Posted by  Shawn Callahan —July 25, 2007
Filed in Anecdotes

A friend of mine is a lawyer, and a good one at that. Our families just spent a week together in Mossy Point on the New South Wales coast and, as you might expect, we told each other lots of stories helping everyone to catch up on one anothers’ lives.

Today my friend, I will call her Julie (not her real name), told an anecdote illustrating the fragility of trust. Julie’s an expert in collaborative law and she was organising a group of 10 law firms to pay for an ad in the yellow pages. One of the firms contributing to the ad was run by someone Julie knew quite well but he was concerned Julie’s law firm would have pride of place on the ad. To address this concern Julie suggested that she would draw the firm’s names out of a hat and whatever order they came out would be how they would be listed on the ad. That seemed pretty fair, she thought. The law firm owner was happy with that idea but he said to Julie, “but we need someone independent to draw the names out.” My friend was incensed and she said to me, “It was at this point I stopped really trusting the guy”.

About  Shawn Callahan

Shawn, author of Putting Stories to Work, is one of the world's leading business storytelling consultants. He helps executive teams find and tell the story of their strategy. When he is not working on strategy communication, Shawn is helping leaders find and tell business stories to engage, to influence and to inspire. Shawn works with Global 1000 companies including Shell, IBM, SAP, Bayer, Microsoft & Danone. Connect with Shawn on:

Comments

  1. Trustworthy people are usually quite trusting, and vice versa.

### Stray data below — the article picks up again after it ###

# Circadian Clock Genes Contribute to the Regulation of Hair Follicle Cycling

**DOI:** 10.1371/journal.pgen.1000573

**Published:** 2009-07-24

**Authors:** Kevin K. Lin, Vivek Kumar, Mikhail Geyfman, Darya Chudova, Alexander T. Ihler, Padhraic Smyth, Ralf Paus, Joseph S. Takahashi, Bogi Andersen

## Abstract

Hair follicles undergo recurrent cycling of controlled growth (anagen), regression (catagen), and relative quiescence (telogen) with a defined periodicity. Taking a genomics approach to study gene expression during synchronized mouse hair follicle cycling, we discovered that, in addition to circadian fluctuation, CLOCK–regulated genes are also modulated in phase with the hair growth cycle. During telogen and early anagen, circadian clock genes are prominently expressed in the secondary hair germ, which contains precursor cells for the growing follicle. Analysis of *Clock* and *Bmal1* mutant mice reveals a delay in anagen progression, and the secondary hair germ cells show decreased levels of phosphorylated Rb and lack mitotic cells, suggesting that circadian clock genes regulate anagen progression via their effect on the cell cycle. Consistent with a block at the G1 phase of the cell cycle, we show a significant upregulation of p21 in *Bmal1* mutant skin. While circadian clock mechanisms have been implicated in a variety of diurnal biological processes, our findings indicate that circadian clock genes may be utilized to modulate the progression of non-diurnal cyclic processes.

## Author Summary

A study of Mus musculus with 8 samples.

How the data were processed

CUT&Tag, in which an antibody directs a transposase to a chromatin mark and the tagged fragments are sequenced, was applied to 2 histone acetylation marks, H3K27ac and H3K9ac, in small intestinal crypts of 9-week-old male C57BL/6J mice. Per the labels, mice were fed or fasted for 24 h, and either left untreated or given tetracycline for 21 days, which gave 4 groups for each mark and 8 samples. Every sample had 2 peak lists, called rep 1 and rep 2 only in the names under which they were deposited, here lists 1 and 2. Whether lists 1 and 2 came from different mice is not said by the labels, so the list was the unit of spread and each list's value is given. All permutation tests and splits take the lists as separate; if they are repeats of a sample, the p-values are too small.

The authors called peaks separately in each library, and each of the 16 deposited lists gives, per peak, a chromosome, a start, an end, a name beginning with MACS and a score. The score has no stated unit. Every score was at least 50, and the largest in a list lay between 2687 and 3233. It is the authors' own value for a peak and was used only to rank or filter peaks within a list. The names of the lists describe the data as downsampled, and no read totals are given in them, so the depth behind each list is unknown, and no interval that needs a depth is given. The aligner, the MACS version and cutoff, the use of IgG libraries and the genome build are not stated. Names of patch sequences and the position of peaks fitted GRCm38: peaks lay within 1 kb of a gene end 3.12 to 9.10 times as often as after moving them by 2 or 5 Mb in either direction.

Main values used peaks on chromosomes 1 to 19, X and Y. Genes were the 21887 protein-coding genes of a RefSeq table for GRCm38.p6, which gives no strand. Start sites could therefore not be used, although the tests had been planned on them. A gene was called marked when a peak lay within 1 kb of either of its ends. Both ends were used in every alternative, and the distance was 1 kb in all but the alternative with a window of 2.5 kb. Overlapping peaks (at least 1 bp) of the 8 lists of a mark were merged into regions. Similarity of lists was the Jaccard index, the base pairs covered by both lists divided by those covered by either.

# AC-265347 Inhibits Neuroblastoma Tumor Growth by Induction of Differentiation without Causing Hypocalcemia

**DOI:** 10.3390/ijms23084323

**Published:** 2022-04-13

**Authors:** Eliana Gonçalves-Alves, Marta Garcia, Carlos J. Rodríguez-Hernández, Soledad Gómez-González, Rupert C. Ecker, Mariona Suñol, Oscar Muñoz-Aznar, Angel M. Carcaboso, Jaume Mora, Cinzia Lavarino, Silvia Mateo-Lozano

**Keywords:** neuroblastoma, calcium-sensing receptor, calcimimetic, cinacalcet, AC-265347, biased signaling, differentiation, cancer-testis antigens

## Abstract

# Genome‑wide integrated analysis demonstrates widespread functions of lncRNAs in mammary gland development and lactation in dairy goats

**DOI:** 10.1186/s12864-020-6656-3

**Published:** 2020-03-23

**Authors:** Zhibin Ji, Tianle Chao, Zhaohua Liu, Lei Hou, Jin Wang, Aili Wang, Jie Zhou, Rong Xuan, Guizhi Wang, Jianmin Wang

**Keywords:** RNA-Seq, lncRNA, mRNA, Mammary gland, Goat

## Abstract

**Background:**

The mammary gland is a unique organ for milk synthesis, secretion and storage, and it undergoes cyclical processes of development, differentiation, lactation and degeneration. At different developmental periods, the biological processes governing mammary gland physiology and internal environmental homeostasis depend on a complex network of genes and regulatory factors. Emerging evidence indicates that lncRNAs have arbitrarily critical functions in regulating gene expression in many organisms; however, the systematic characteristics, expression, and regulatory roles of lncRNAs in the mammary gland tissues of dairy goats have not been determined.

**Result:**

2. firefly says:

    I had two reactions when I read your anecdote. One was, I fully agree with “Julie”. But then, I thought about a contest at work I recently was involved with in the capacity of “independent” person. I was asked to think of 10 numbers between 1 and 1000. These numbers corresponded to a list of names in an Excel spreadsheet which were entered in a draw. As it happens, the very first number I drew happened to be my manager’s! Now, this was completely independent, documented and witnessed by yet another person. However, I think it’s obvious what the concern is about my drawing my manager’s name. Regardless, in a large corporation (which ours is) there would be a perception that the draw was skewed.
    So, in Julie’s case, what would happen if she just happened to draw her firm’s name first albeit in a fair manner? Then the other person would then feel that their mistrust was warranted regardless of what the procedure was.
    (By the way, we ended up removing any of my team members from the list. Which meant that no one on my team could participate. And that results in a certain degree of unfairness to meet people’s perception of trustworthiness because no one on my team could participate even though many of my team members had nothing to do with the particular initiative that was using the draw as an incentive)

  3. kitchensink says:

    It seems to me that, in general terms, Lawyers seem to make their money from an adversarial system. So it’s not at all surprising to me that Julie’s colleague was so apparently distrusting.

  4. Joanne Law says:

    It is actually quite surprising. Collaborative Law is a new system of dispute resolution where the lawyers take a collaborative rather than adversarial approach. They work together in four way meetings focused on the interests of the clients rather than legal positions.
    Julie’s colleague sounds like he was jumping on a bandwagon but didn’t really get the concept of collaboration. Better to find out like that than in the middle of a collaboration.